By Karen Graham     Feb 23, 2018 in Business
The one place any organization or business can be hurt is in its bottom line, and corporate America is listening to social media's call for a boycott of the NRA after the media and Democrats were attacked by NRA executive vice president Wayne LaPierre.
LaPierre lashed out on Thursday in his first public comments since the Parkland shooting that left 17 dead on February 14.
"The shameful politicization of the tragedy, it's a classic strategy right out of the playbook of a poisonous movement," he told an annual conservative conference, hitting out in turn at supposed "socialists" on the political left, and at the "so-called national news media."
The NRA's executive vice president and CEO Wayne LaPierre made his first public comments on the...
The NRA's executive vice president and CEO Wayne LaPierre made his first public comments on the tragedy in Parkland, Florida in an address to the 2018 Conservative Political Action Conference in Maryland
Many people, besides NRA members, were listening to the bombastic rhetoric of the NRA's leaders on Thursday. That became very clear when on Friday morning, a call to boycott the National Rifle Association became the top trend on Twitter, with global users of the social media platform demanded that a variety of companies sever ties with the lobbying group.
Believe it or not, but businesses are listening to their customers, and today proves this to be true. A number of big corporations, from a major insurer to three car rental brands, have severed their relationships with the NRA, reports Reuters.
Additionally, Moms Demand Action for Gun Sense in America, formed after the December 2012 Newtown, Connecticut, school shooting that killed 20 first-graders, sent letters to Apple Inc, AT&T Inc, Amazon, Alphabet Inc’s Google (GOOGL.O) division and Roku Inc, asking them to drop NRA TV from their products.
A woman displays a photo of the children killed in the Sandy Hook shooting during a September 2013 p...
A woman displays a photo of the children killed in the Sandy Hook shooting during a September 2013 press conference in Washington calling for gun reform legislation
“We have been just disgusted by NRATV since its beginning,” Shannon Watts, the group’s founder, said in a phone interview. “It really propagates dangerous misinformation and inflammatory rhetoric. It tries to pit Americans against one another, all in an attempt to further their agenda of selling guns.”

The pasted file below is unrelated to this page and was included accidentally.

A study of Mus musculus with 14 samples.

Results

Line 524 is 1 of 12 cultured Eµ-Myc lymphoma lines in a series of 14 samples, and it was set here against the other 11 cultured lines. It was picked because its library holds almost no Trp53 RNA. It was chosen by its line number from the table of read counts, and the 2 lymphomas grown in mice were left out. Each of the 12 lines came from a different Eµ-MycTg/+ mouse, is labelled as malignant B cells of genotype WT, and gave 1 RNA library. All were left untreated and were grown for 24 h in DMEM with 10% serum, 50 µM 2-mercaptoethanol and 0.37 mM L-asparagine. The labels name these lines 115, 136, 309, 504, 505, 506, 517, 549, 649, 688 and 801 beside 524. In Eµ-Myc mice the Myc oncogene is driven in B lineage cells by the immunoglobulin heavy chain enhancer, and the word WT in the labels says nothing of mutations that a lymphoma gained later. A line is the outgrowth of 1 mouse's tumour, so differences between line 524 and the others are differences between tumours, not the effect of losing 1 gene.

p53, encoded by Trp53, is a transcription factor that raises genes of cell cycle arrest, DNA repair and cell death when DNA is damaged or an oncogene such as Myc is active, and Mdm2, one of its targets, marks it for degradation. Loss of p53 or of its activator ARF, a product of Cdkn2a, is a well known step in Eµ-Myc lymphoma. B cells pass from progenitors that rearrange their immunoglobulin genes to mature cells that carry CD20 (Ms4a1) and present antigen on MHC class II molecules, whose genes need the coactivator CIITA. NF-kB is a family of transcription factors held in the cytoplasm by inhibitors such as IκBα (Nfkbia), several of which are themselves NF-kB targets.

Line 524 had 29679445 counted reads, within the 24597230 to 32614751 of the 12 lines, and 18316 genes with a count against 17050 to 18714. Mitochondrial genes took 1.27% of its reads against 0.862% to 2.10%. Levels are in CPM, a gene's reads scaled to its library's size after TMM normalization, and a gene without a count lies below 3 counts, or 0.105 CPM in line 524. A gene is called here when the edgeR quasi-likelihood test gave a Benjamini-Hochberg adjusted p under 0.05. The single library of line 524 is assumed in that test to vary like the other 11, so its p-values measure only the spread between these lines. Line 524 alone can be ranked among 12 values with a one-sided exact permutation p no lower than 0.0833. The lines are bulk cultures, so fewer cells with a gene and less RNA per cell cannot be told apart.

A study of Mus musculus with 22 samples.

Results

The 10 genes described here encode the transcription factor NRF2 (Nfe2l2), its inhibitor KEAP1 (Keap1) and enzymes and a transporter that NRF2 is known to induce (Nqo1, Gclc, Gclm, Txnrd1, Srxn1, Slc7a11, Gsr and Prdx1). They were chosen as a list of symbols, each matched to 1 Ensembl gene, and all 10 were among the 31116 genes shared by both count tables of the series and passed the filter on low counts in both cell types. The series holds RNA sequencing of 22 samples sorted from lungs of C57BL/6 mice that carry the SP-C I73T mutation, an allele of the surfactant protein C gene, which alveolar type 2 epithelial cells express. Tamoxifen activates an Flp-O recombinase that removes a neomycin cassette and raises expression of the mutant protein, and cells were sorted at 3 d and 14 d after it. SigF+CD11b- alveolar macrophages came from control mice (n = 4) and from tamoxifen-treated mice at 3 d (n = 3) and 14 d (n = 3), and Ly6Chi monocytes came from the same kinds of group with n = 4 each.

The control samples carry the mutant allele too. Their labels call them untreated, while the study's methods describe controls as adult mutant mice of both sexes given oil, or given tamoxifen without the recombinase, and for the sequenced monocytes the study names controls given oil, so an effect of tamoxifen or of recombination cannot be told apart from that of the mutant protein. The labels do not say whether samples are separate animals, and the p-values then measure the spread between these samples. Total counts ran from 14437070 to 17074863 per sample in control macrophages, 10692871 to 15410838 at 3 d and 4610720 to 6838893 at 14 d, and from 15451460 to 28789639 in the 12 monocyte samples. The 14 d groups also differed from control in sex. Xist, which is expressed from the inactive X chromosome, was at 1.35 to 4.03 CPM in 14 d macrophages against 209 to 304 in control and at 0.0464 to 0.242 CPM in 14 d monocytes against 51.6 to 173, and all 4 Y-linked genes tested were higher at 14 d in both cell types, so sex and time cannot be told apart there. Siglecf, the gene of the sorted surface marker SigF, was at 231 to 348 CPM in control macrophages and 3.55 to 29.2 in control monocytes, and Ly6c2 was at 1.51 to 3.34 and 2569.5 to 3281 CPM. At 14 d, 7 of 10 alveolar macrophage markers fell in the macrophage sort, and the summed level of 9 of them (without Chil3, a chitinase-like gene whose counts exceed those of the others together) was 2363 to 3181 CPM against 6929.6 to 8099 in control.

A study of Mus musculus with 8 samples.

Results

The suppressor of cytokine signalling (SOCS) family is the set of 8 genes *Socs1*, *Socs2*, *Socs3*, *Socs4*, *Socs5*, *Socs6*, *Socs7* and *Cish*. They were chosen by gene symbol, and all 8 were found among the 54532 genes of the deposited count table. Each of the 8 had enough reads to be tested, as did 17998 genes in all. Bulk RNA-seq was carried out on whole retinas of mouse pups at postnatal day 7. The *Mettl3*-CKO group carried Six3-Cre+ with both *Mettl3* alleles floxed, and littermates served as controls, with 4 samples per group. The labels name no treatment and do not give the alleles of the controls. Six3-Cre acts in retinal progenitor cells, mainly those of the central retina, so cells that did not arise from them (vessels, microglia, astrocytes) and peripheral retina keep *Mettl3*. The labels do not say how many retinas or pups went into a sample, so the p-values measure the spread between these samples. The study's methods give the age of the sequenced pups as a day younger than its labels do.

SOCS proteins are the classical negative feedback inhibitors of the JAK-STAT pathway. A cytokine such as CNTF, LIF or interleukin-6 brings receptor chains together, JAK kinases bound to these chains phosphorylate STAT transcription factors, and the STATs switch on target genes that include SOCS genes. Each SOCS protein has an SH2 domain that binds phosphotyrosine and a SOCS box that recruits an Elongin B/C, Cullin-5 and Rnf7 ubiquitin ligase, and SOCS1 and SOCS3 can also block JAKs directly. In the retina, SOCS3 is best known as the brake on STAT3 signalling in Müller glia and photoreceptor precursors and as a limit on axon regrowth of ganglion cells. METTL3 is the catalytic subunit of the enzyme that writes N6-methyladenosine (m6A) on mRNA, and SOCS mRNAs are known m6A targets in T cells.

MetLife said it would stop providing discounts to NRA members for auto and home insurance. "We value all our customers but have decided to end our discount program with the NRA," the company told USA TODAY in a statement.
Cybersecurity firm Symantec also said it has "stopped its discount program with the National Rifle Association." SimpiSafe, a home security services company, has also joined in the boycott. "We have discontinued our existing relationship with the NRA," CEO Chad Laurans said in a statement.
First National Bank of Omaha announced on Thursday it would end a Visa credit card that it offered with NRA branding after fielding a deluge of customer complaints. According to an NRA blog, the Visa card offered 5 percent back on gas and sporting goods purchases.
And Enterprise Holdings, the parent company of car rental brands Enterprise, Alamo and National, announced on Twitter that it's ending discount deals with the NRA'.
"Banks and other companies are sensitive to being on the wrong side of a social media campaign, which can spread pretty quickly these days," said Erik Gordon, a University of Michigan business professor who has taught classes on marketing. "They don’t want to risk having people march or boycott."
The five-million member NRA has partnerships with dozens of companies, but some observers think the movement won't go too far because most people don't change their behavior based on political issues. But, apparently, someone out there is taking this issue to heart, and demanding the companies and businesses they support do the right thing and take a stand against the NRA.